The NHL’s investigation into the allegations against Ian Cole are a joke

How much investigating did the NHL do into sex abuse allegations levied against T.B. Lightning’s Ian Cole.

How much investigating did the NHL do into sex abuse allegations levied against T.B. Lightning’s Ian Cole.

From initial accusation against Tampa Bay Lightning’s Ian Cole for sexual misconduct and abuse until the conclusion of the NHL’s investigation, one week passed. There were seven full days from claims from Twitter user @emily_smith3333, a likely alias to protect her real name, that surfaced on Oct. 7 to the NHL’s statement finding “no evidence to substantiate the allegations” last Saturday. It took the NHL a little over one week to get to the bottom of the matter before his suspension was reversed. The only public outreach from the NHL on the matter was a tweet from the league’s official account, posted below, on Friday. The NHL’s statement on the investigation into Cole mentions multiple ways the league tried to contact the accuser.

Ms. Smith claims she was groomed by Cole for four years, starting when she was a minor. Smith claims that Cole was aware she was in high school when he pursued a relationship with her. She also alleges that Cole pressured her into sexual situations without her consent. There’s an additional accusation of Cole bragging about his relationship with Smith to teammates. Whether anyone from that scenario reported it to the league needed to be looked into as well, and we’re assuming all this was done thoroughly over seven full days? And that’s assuming the NHL didn’t have prior knowledge about allegations against Cole and never investigated them. The tweet not only accuses Cole of sexual misconduct with Ms. Smith (he denies the allegations), she also claims the 13-year NHL veteran was involved with another minor as well.

The legitimacy of the investigation into Cole’s alleged behavior is questionable. Deadspin has made multiple attempts to get comment from both the NHL and the Lightning on the length of the Cole investigation with no response as of this posting. Even the most cut-and-dry cases should take the proper time to vet all information. This isn’t as simple as a speed camera and paying a small fine, where radars can check how fast anyone is driving. Multiple serious allegations were leveled against Cole. Unless the NHL is beyond-a-doubt sure all of Smith’s claims are grandiose bullshit, Cole shouldn’t be near the Lightning team facilities right now. And if the claims have tangible proof of zero factual evidence, where’s any counter measures? That’s what happened in Georgia Tech men’s basketball head coach Josh Paster’s case, per ESPN. Wishing the issue goes away by not drawing more attention to it would be a horrible strategy if Cole’s innocent, with a major emphasis on “if.”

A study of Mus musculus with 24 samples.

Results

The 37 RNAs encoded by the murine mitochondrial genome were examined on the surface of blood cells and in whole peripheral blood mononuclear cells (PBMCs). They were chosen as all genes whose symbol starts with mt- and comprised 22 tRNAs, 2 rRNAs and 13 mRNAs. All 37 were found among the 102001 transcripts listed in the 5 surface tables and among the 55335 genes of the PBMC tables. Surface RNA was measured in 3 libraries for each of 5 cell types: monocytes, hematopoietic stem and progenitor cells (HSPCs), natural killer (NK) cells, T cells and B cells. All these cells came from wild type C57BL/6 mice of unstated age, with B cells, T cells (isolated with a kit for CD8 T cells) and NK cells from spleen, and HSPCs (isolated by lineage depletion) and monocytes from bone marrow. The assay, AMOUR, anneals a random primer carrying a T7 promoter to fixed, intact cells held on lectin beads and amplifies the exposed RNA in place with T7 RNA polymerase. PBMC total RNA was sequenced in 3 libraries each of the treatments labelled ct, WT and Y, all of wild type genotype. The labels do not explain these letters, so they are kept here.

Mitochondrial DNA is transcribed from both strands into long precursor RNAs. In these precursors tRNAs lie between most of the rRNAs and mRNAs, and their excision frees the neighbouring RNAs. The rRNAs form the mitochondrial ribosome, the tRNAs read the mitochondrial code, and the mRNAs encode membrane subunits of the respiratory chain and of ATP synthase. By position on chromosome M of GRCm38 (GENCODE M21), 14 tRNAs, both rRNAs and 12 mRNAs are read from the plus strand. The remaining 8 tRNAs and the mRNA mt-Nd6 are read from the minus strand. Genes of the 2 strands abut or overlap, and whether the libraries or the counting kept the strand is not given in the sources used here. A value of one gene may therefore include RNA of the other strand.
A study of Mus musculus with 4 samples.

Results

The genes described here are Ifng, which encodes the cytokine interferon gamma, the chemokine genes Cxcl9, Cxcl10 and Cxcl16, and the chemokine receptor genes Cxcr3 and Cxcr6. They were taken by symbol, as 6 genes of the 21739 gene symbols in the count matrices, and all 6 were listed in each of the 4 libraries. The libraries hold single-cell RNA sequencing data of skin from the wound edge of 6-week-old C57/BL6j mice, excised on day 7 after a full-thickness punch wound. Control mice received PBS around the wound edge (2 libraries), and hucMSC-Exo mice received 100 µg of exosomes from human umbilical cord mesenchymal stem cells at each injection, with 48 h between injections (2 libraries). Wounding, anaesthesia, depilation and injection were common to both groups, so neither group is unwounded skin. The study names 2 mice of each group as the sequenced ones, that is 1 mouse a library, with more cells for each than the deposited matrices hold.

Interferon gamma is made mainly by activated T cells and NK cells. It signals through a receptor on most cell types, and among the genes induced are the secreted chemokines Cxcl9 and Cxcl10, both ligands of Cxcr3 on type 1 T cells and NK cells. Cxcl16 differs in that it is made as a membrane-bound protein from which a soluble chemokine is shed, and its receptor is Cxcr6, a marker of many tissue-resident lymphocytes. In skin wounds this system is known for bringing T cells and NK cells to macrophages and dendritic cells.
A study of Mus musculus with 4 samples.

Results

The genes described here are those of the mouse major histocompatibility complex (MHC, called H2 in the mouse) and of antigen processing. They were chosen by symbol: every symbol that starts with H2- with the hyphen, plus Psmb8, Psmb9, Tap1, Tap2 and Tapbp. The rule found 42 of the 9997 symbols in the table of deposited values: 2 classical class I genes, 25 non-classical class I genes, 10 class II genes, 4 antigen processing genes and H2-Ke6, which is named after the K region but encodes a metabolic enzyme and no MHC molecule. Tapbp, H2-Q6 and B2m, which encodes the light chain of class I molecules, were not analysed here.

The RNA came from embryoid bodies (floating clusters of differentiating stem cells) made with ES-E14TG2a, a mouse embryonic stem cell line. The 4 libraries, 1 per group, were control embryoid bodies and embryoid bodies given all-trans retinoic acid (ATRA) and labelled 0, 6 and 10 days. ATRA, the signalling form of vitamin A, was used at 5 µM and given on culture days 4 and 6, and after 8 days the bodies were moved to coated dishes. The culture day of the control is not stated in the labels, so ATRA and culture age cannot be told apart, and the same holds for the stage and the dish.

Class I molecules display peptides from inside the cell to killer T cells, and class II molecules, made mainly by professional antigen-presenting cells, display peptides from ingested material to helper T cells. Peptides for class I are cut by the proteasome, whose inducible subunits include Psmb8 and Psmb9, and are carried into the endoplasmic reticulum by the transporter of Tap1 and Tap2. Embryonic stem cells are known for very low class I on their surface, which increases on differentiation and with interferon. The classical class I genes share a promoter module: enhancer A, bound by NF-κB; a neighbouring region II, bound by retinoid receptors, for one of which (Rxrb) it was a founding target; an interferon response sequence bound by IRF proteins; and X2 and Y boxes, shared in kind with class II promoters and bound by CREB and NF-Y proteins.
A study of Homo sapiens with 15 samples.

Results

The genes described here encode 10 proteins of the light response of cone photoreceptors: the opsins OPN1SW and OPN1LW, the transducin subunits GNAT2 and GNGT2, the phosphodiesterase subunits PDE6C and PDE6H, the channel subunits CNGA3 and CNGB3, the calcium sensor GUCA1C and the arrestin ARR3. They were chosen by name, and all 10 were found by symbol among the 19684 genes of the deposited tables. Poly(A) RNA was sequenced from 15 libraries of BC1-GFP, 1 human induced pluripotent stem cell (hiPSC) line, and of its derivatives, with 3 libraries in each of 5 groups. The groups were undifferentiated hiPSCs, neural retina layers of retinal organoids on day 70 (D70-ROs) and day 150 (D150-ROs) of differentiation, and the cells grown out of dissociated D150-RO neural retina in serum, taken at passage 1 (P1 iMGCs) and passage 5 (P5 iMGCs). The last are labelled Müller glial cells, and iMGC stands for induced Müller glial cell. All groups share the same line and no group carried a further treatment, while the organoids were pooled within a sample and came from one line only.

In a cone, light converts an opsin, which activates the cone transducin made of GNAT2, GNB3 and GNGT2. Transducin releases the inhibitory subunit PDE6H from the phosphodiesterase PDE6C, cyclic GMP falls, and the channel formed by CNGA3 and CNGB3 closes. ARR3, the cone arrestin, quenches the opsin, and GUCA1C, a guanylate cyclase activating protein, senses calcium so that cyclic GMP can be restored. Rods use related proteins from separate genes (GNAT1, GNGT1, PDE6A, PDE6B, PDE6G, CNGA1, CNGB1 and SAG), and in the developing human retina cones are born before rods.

Simple questions the NHL needs to answer deserve to be public information. Let’s start with this: Did the league ask Cole to disclose all possible identities of Emily Smith? Taking the Twitter statement at face value should heavily narrow those choices. The number of 4-year relationships Cole’s had almost assuredly doesn’t exceed single digits. If Cole didn’t provide any names, not accepting that answer is the only response. The impression coming off of this investigation, which matters if reality isn’t clear, is that the NHL didn’t give Cole’s case the proper due diligence.

Giving the Lightning, the NHL or any other participating team the benefit of the doubt here is foolish. Yes, not every sexual assault claim is found to be truthful or will lead to prosecution from alleged abusers or libelous accusers. What I’m taking exception with is hockey’s repeated pattern of not giving a shit about women, with the latest example being the probe into Cole lasting nine days at a maximum. The NHL saw the promotion of several women into assistant general manager positions this offseason, as if that negates toning down years of sexual misconduct allegation levied against its players. Let’s start with Patrick Kane, Jake Virtanen, Evander Kane, Hockey Canada at large and others. Both Patrick Kane and Evander Kane have denied all wrongdoing, while Virtanen admitted to having a sexual relationship with his accuser, but denied forcing himself on her. Virtanen was found not guilty. The case against Evander Kane was adjourned and dismissed after he pleaded not guilty. Patrick Kane didn’t have charges brought against him.

There are bad apples in every group, absolutely. Conducting solely a week-long investigation into all the claims made by Ms. Smith looks ludicrous. Resorting to a public tweet asking for a direct message from her account is beyond comprehension.